BROWNSVILLE – Bicycle riders from throughout the city share the same concerns for riding safely on city streets, so this fifth annual “Bike to Work” ride that started at the still under construction Zion Triangle in Brownsville on this Earth Day on Monday, focused on getting to work by bike in one piece.
Several dozen bikers from throughout the borough and different constituencies joined Borough President Eric Adams for this annual event, part of his agenda to live a more healthy life and to follow “the Green Agenda” set for by some Democratic leaders to reduce pollution and live healthier lives. The Borough President and environmental advocates drew attention to the positive benefits of riding a bike to work but were mindful that riding a bike in the city, especially where there are no bike lanes, can be dangerous without proper bicycle “infrastructure.”
There were already six bicycle-related deaths this year, eight last year according to Streetsblog. There was also a 20 percent jump in people hurt on bicycles with 191 during the first 28 days of the year, compared with 158 during the same period in 2018.
While cyclists admit that cyclists themselves must take proper precautions such as wearing bike helmets, using lights, having a bell or horn to alert motorists and pedestrians, they say it is up to the city to further expand bike lanes and make sure lanes are consistently safe. Those bike lanes are now available along about 1,000 miles of city roadways.
Borough President Adams stressed the importance of creating more bike lanes, especially protect lanes, for a cyclist to be safe on city streets.
“We highlighted the need for cyclist infrastructure – we now have that along Prospect Park in the wake of tragedies of Abagail Blumstein and others,” Adams said of the death of the young woman on Empire Blvd a few years back.
“When you look at the fatalities in the black and brown communities, the numbers are high and often overlooked. We want safe places to ride also, in various communities in New York and Central Brooklyn and that is why we are here today – to bring attention to dangerous road conditions, some difficult to navigate for cars let alone bicycles. Pitkin Avenue, (no bike lanes), to Eastern Parkway is a challenge to drive in a car let alone a bicycle. We must find safer ways to bicycle to work.”
“They need to fix Pitkin Avenue – it has no bike lanes and then all these potholes, bumps and craters – it is not a smooth ride,” said Ms. Silva, a resident of Bedford Stuyvesant and a Corrections Officer who is biking for more than 30 years.
She said she feels safe and credits the exercise for “good cardio,” even though she’s struck “a few car doors and flipped over” as people exited autos.
“I just ride with the flow and so far, I’ve had a safe ride,” Ms. Silva said.
May Moreno of East New York, said the ride through her community is “not very safe.”
“I know a bike lane is coming to Atlantic Avenue, but the other side, still hazardous and on the first day that they have raised the transit fare, it is nor more important to make it safer for people to ride,” Moreno said. “Now that it’s warmer, you will see a lot more of us, and yes, I’ve had some close calls. Many try to map their ride to use bike paths, where ever they are marked. Even those are a little dangerous – but it’s worse in East New York because nothing is going to come for months.”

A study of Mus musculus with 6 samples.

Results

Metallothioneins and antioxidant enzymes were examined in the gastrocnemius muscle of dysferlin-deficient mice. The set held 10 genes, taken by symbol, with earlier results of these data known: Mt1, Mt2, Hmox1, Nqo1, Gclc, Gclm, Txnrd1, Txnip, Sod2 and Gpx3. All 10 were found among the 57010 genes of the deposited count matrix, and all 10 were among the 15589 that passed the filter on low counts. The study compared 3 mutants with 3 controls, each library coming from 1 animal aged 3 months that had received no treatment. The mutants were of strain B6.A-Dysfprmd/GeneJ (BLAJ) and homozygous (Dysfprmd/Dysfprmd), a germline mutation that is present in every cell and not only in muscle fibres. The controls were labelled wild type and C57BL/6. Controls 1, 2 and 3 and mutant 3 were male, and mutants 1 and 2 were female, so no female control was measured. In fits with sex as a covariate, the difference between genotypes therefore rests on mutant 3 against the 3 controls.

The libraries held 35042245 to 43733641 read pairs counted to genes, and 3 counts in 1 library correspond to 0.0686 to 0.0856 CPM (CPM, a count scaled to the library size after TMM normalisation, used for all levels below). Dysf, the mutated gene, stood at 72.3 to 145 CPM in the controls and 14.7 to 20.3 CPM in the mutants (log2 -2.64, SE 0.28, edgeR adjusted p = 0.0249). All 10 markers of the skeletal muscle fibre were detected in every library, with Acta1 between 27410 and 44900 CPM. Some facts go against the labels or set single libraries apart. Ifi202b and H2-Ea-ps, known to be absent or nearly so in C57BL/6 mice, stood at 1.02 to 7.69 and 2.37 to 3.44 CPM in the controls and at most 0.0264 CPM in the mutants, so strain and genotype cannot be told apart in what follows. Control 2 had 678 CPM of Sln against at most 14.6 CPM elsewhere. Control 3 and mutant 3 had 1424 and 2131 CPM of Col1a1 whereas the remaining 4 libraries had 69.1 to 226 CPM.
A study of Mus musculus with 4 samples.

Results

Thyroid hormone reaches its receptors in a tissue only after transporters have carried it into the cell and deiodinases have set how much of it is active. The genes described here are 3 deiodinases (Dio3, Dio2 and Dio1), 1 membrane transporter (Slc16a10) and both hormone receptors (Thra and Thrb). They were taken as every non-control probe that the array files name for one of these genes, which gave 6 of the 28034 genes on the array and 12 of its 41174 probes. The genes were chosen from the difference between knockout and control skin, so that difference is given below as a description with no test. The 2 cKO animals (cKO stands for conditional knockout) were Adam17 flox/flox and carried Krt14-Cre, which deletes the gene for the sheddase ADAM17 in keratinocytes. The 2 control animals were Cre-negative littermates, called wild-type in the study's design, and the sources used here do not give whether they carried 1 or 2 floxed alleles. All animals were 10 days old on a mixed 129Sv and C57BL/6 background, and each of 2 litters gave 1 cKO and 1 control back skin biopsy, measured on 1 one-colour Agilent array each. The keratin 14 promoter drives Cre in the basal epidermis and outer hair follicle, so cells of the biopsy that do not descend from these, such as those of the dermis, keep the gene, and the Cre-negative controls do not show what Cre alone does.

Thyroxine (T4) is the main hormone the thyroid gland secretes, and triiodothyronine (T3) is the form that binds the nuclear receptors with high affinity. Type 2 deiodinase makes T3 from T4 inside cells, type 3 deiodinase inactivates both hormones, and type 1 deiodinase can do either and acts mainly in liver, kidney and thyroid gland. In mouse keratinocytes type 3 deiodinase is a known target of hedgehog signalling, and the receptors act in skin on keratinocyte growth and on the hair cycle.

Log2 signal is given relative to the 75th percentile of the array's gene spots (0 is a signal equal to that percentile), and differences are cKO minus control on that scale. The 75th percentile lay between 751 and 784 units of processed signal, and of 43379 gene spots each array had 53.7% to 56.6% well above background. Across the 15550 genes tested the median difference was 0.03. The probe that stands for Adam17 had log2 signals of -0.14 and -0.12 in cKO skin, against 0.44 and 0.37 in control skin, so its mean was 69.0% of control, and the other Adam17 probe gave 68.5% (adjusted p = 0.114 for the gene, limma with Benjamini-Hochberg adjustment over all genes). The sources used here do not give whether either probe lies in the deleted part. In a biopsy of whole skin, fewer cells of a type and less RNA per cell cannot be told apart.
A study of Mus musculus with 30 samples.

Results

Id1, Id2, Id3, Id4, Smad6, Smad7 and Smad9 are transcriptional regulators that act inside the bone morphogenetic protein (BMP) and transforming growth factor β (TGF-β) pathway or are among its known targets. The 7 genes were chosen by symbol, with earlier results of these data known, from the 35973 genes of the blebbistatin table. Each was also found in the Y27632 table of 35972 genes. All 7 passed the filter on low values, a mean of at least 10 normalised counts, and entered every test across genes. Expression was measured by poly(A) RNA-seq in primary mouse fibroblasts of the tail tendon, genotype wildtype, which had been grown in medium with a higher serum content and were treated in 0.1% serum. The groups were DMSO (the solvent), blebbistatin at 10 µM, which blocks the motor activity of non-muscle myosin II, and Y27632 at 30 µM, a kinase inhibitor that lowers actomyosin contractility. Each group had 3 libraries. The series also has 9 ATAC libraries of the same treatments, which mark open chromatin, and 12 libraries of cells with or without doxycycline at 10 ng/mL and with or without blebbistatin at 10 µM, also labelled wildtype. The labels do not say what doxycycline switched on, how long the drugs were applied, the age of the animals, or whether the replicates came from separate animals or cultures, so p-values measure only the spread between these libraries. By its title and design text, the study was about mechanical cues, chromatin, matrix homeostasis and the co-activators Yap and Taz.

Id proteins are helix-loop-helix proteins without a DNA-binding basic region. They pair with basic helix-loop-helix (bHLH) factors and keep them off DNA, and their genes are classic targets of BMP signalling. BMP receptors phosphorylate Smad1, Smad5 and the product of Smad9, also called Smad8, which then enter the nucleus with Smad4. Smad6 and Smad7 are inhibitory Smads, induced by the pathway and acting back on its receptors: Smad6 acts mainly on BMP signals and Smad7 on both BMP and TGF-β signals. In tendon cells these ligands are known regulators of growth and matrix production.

Chris Goldin of Transportation Alternatives, a resident of Park Slope, and who joined the ride this morning said more needs to be done to protect cyclists.
“The main thing is to have safe routes, more than just painted lines because people ignore the lines, so protected bike paths are the best way,” he said. “I ride to Manhattan from the South Slope, and lots of routes are really safe, but then, there will be a few blocks that a complete free for all on truck routes, tons of bikes, people turning and this needs to be fixed. And especially trucks, I know trucks and you don’t mess with trucks.”
Kweli Campbell of Bedford Stuyvesant she said riding a bike is “a leap of faith,” because it is the only way to get out of using “late buses and bad trains.”
“I ride to and from work using Citibike, and it is affordable for $140,” she said of the bike sharing program that has expanded throughout the city. “The best thing to do is to map out where the bikes lanes and paths are to work. There are many safe streets, and I use the ones not well traveled.”
Borough President Adams said Earth Day is a reminder that people need to reduce the impact on the environment.
“I was so excited to kick off my annual Bike to Work ride in Brownsville, the neighborhood where I was born and a community that deserves transit equity in the form of safe bike lanes. Pedal power is how we improve our environment and public health. Not only is biking a great way to commute and a therapeutic exercise, but it also provides a chance to really see the crevices of our communities,” he said.
He said he will work with Councilwoman Alicka Samuel who took part in today’s ride, to create more bike lanes and protected paths.
Meanwhile, Dulci Canton of Bedford Stuyvesant prepared to climb aboard her folding bicycle that she takes throughout the city – a small blue tooth speaker attached to her lapel to listen to music as she rides. She said the worst place to ride is on Pitkin Avenue.
“On streets like Pitkin Avenue, the traffic is mixed especially on a two-way street,” she said. “Trucks, cars, everyone going in all directions, it is not safe. Even in some areas where there is bike lanes, people are parking in those lanes. There is however safety in numbers and if you travel with a group, there is more safety than if you are by yourself. Yes, you should have a helmet and all the safety gear, but we must also create more bike lanes.”